It is, as you might expect, the purposeful walker's idea of hell.

Great swollen rivers of people from Birmingham and Torquay and Sussex and North London, a majority sporting one element or another of replica Team GB gear.

They line up for souvenirs, and they buy over-priced Cornish pasties and German sausages - when supplies don't run out, as they did earlier this week.

More than anything, they quaff industrial quantities of the official beer of the Olympics - produced by a well-known Dutch multinational.

This is not, it must be stressed, an exclusively British pursuit.

Given Friday is the first day of track and field at the Olympic Stadium, there are an extra 100,000 or so people prowling the grounds than have been throughout the week (word is they're also selling cheap tickets to people who just want to wander around Olympic Park).

It feels like way more.

Viewed from within the media bubble, the grounds are a chopped-up warren of blast walls, 20-foot fences and armed police, but wandering around the esplanades it actually does feel like a park.

One with a little more asphalt than might be typical, but a park nonetheless.

There are gardens, and terraces on the banks of the canals that wind their way through the facility and separate the venues from one another. The sun's out, so people loll around.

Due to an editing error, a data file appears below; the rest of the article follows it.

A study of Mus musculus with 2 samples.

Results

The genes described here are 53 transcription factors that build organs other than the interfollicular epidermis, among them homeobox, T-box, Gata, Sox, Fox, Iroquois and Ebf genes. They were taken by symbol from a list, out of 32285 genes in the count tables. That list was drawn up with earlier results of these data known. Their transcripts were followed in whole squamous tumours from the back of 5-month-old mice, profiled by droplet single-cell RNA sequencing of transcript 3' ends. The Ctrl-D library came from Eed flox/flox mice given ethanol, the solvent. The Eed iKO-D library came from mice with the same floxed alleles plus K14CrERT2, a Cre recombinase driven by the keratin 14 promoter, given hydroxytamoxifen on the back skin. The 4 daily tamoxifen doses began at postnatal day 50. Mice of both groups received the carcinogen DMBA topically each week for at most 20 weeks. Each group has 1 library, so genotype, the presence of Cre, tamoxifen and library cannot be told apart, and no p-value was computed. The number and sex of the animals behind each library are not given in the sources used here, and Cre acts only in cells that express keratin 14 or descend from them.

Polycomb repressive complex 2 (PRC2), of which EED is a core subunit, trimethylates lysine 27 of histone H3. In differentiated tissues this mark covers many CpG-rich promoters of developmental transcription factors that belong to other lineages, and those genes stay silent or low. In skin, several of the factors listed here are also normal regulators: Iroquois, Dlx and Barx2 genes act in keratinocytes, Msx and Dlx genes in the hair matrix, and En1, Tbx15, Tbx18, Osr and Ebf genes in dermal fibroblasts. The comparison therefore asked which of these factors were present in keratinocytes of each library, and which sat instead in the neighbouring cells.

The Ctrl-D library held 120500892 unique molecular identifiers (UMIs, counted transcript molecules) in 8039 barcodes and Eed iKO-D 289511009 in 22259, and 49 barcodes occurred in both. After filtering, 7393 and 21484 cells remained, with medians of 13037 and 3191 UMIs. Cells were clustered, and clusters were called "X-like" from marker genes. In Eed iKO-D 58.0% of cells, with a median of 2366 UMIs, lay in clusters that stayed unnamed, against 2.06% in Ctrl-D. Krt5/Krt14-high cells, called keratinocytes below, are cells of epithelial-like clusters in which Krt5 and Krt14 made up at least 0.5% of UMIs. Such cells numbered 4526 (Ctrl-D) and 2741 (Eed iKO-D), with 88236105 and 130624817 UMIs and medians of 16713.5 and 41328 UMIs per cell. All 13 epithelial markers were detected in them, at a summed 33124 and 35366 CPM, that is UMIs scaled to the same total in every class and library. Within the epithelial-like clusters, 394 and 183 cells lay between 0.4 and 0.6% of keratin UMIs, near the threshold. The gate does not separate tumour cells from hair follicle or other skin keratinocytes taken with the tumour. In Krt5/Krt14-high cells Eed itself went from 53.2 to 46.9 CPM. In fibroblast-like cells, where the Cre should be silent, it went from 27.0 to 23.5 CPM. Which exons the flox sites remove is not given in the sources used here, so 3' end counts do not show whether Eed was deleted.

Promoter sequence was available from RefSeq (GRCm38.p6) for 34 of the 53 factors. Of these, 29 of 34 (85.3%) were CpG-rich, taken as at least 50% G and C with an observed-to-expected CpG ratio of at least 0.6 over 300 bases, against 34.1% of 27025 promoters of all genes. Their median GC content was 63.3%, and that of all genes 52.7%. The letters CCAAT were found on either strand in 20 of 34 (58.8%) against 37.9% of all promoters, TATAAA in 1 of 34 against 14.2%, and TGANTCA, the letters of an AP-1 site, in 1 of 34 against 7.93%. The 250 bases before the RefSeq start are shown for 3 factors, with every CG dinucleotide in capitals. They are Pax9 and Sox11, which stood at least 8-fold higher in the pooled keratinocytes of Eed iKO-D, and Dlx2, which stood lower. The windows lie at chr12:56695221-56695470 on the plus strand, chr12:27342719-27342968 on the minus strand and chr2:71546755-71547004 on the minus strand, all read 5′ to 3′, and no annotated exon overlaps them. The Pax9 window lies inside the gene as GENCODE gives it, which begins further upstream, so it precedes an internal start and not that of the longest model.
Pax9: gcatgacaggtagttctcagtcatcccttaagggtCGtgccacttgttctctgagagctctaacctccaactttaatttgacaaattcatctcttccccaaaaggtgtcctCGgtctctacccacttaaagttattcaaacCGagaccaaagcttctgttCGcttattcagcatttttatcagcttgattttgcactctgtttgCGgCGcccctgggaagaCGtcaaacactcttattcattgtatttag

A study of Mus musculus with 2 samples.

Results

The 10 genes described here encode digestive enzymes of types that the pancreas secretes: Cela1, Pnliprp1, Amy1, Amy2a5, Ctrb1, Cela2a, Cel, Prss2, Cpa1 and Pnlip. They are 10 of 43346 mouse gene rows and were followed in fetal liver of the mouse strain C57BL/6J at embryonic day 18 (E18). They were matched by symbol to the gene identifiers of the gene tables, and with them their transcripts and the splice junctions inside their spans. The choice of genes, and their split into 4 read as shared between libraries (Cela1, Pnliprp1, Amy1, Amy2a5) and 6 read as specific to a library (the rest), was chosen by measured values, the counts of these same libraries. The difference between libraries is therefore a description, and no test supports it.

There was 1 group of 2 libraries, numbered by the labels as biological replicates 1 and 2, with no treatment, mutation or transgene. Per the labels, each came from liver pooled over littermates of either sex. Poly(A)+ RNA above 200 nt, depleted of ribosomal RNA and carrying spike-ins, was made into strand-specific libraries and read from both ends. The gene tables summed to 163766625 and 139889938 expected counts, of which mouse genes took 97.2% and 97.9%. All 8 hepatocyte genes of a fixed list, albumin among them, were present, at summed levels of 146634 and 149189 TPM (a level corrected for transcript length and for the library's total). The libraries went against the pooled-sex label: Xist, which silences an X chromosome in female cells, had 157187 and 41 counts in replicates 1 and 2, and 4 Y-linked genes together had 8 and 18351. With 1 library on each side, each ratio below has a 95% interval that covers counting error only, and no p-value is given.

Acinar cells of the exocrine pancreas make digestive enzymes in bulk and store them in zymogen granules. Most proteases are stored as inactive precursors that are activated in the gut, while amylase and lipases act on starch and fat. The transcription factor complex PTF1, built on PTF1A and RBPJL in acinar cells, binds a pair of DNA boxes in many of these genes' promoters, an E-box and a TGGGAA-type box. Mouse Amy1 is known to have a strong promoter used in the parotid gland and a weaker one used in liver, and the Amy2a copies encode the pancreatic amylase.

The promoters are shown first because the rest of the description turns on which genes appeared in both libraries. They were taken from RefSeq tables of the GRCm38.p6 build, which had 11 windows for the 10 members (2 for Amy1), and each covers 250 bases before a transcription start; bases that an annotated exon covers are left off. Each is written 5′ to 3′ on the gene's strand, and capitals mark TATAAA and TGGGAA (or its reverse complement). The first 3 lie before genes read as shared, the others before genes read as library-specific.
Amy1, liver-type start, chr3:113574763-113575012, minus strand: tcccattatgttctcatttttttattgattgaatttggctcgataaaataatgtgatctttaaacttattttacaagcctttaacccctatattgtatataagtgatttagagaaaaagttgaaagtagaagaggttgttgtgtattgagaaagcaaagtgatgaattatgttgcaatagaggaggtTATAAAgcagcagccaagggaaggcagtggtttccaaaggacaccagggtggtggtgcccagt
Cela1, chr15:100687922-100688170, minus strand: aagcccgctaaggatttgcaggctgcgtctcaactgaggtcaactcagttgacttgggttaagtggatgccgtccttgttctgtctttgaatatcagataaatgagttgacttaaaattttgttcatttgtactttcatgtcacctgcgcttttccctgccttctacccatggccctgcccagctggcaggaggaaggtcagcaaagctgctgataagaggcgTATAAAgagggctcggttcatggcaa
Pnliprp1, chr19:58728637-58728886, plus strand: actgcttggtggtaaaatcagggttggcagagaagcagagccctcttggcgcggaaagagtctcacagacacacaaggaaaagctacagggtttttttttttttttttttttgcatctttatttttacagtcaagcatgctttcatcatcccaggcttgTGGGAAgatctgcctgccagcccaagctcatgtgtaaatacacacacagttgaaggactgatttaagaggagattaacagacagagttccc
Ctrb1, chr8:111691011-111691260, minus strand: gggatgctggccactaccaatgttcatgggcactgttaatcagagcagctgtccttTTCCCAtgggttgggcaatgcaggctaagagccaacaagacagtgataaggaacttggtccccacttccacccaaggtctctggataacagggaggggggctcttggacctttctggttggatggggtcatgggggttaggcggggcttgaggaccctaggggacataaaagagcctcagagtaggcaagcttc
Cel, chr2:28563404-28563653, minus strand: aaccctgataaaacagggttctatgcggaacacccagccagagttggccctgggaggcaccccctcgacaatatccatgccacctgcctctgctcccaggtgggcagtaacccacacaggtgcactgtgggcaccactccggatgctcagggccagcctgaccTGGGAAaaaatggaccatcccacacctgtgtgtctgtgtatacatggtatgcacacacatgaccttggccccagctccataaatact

A colleague observed the crowds feel larger and crackle with enthusiasm more than in Beijing in 2008, and there is a definite sense wandering around town that the Olympics are a very big deal indeed to the Londoners who opted not to scarper to the countryside or to whatever happens to be the cheapest destination on the discount airfare board at Stansted Airport (Bratislava for $20!) Approach the stadium itself - capacity 80,000 - and the thrum grows louder.

When you enter the edifice, the first thing that occurs is this place is wondrously, preposterously loud, particularly when someone from Britain does something.

Today that has meant a seismic ovation every time heptathlete Jessica Ennis - a former world champion who is trying to live down a reputation of big-event disappointment - steps forward.

There is also loud applause and 'ooohs' whenever someone else does something good (an Olympic record in the heptathlon shot put for example).

But it's not quite the same when Ennis or another Brit is involved.

Then the cheers are soccer-stadium, we-just-beat-Germany loud, and you have to have a chilly soul indeed not to be moved.